How do I explain rich pictures?

Written by mara pesacreta
Drawing for Rich Pictures (chair drawing # 3 image by Stephen Jacoby from

A rich picture is a diagram that presents a given idea with a concept mapping strategy and illustrations. Concept maps consist of words, arrows, and lines. They help to portray the relationship between the ideas. The pictures that you draw provide you with a visual representation as well. In order to explain rich pictures, find a topic to create a rich picture for, make an outline, create a concept map, put the words in the map, and then draw pictures.

Skill level:

Things you need

  • Pen
  • Paper
  • Coloured pencils
  • Markers


    Tell the students what a rich picture looks like, and what it is used for. You can tell the students that a rich picture is a diagram with pictures. The pictures show how the main idea and the smaller ideas connect with one another. Rich pictures are used for brainstorming, devising new ideas, and organising information.

  2. 2

    Determine the subject of your rich picture. One of the most effective ways to explain rich pictures is to give an example of rich pictures. You may choose to create a rich picture about designing a dress.

  3. 3

    Make an outline of your information. On a separate sheet of paper, write down ideas that correspond to designing a dress. You can write about the type of fabric, such as cotton or wool. You may write the target audience, which is women. You can also write down materials, such as a sewing machine, a needle, and thread. Tell the students that these ideas will be used in the rich picture.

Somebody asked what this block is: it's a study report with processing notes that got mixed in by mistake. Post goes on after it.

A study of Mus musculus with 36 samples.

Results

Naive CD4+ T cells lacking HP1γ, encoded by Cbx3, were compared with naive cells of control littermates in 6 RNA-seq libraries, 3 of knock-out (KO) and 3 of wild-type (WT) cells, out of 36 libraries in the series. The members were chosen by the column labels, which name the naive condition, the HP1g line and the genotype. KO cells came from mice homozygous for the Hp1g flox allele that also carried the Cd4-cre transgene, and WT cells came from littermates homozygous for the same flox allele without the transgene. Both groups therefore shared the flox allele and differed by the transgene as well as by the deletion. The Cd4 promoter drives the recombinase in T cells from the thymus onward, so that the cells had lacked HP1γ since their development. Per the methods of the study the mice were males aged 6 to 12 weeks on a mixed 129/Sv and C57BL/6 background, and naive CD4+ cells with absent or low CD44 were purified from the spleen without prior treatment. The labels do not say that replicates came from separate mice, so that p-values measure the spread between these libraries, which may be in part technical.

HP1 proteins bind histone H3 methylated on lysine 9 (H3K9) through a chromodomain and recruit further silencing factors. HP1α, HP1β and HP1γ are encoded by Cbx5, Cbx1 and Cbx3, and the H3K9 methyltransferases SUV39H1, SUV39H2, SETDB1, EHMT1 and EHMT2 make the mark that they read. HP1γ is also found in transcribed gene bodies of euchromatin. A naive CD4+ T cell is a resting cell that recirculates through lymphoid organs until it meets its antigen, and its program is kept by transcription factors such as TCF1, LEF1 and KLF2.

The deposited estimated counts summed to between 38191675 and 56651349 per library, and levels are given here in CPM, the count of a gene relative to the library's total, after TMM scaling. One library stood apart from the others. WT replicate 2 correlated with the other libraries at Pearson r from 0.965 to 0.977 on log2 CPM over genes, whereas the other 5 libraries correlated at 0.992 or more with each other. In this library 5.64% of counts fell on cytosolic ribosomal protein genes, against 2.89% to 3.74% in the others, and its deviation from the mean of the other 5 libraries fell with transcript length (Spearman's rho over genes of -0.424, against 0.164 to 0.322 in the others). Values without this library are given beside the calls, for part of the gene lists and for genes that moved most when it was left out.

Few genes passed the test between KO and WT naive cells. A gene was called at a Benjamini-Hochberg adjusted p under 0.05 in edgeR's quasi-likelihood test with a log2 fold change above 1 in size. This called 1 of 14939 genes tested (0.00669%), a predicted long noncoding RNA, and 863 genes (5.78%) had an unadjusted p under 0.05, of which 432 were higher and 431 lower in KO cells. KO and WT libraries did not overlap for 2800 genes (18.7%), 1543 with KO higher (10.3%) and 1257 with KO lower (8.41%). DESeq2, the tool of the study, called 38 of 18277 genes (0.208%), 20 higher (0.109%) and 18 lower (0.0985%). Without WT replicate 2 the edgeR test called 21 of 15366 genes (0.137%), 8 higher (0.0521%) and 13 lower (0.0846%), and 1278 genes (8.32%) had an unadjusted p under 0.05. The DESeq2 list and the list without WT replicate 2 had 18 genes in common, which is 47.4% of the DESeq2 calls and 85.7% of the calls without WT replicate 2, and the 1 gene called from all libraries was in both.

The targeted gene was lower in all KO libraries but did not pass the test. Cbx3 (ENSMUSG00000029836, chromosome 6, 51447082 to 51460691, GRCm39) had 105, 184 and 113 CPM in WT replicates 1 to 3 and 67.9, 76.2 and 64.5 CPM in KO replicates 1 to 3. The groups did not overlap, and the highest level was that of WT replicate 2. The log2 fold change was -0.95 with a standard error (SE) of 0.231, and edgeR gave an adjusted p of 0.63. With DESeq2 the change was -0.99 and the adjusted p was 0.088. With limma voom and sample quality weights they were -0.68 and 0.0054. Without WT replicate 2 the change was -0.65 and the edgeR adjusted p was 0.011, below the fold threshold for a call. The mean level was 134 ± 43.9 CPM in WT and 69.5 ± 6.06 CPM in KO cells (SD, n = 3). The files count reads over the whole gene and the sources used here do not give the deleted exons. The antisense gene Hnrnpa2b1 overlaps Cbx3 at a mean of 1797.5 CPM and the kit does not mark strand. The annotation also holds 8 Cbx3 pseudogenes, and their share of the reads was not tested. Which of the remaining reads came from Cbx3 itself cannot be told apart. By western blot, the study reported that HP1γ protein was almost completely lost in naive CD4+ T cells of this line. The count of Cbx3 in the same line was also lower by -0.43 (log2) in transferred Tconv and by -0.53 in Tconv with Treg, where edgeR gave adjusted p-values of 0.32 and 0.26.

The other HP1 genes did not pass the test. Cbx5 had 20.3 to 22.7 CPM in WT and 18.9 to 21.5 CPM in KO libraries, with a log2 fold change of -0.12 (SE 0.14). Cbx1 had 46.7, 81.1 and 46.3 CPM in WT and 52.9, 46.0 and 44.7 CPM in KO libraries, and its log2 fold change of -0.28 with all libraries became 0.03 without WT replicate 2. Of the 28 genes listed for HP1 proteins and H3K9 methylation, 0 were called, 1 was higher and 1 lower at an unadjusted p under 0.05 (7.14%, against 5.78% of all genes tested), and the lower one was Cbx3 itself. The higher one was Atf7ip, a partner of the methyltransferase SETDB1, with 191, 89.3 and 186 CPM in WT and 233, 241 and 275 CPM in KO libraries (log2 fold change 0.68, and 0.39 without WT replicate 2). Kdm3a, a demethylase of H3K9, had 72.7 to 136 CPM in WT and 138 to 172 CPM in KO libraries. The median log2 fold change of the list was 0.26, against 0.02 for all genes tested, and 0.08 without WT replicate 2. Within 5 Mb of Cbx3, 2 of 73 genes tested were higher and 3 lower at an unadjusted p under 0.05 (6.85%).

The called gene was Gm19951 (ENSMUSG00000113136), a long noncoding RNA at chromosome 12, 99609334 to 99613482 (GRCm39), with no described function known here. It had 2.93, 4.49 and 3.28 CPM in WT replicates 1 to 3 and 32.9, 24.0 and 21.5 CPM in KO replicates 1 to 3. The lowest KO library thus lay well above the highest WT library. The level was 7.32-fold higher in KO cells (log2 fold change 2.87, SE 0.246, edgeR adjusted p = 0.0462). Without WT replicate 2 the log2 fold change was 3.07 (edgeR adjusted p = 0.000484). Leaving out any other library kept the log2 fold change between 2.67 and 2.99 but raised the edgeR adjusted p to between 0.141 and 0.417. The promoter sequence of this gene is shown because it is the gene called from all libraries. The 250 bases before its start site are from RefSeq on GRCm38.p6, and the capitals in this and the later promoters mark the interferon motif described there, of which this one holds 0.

4. 4

    Make the concept map for the rich picture. Write the words "Dress Design" at the centre. Draw three lines and three arrows pointing away from the words "Dress Design." After one arrow, write "Fabric." For the other arrow, write "Audience," and for the other arrow, write "Materials." Show the students that the fabric, audience, and materials are the next smaller ideas after the concept of the dress design.

  5. 5

    Fill in the other ideas of the rich picture. As you write down the other components of the rich picture, you can tell the students how one idea leads to other ideas. For example, after the word "Fabric," draw two lines and two arrows. Write "Cotton" after one arrow, and "Wool" after the other. After the word "Audience," make a line and an arrow, and write "Women." After the word "Materials," draw three lines and three arrows. At the end of one arrow, write "Sewing Machine." After the other, write "Needle," and after the other, write "Thread."

  6. 6

    Draw the pictures that relate to each of the ideas presented within the concept map. For example, for the "Dress Design," you can draw a picture of a dress underneath. Then, colour the pictures.

  7. 7

    Show the students how you can consider your main idea more clearly based on the organisation of the rich picture. For example, identifying the picture of the sewing machine will immediately alert you that this is a piece of equipment you will need in order to make the dress. Looking at the picture is much faster than reading each of the words. Therefore, rich pictures are efficient.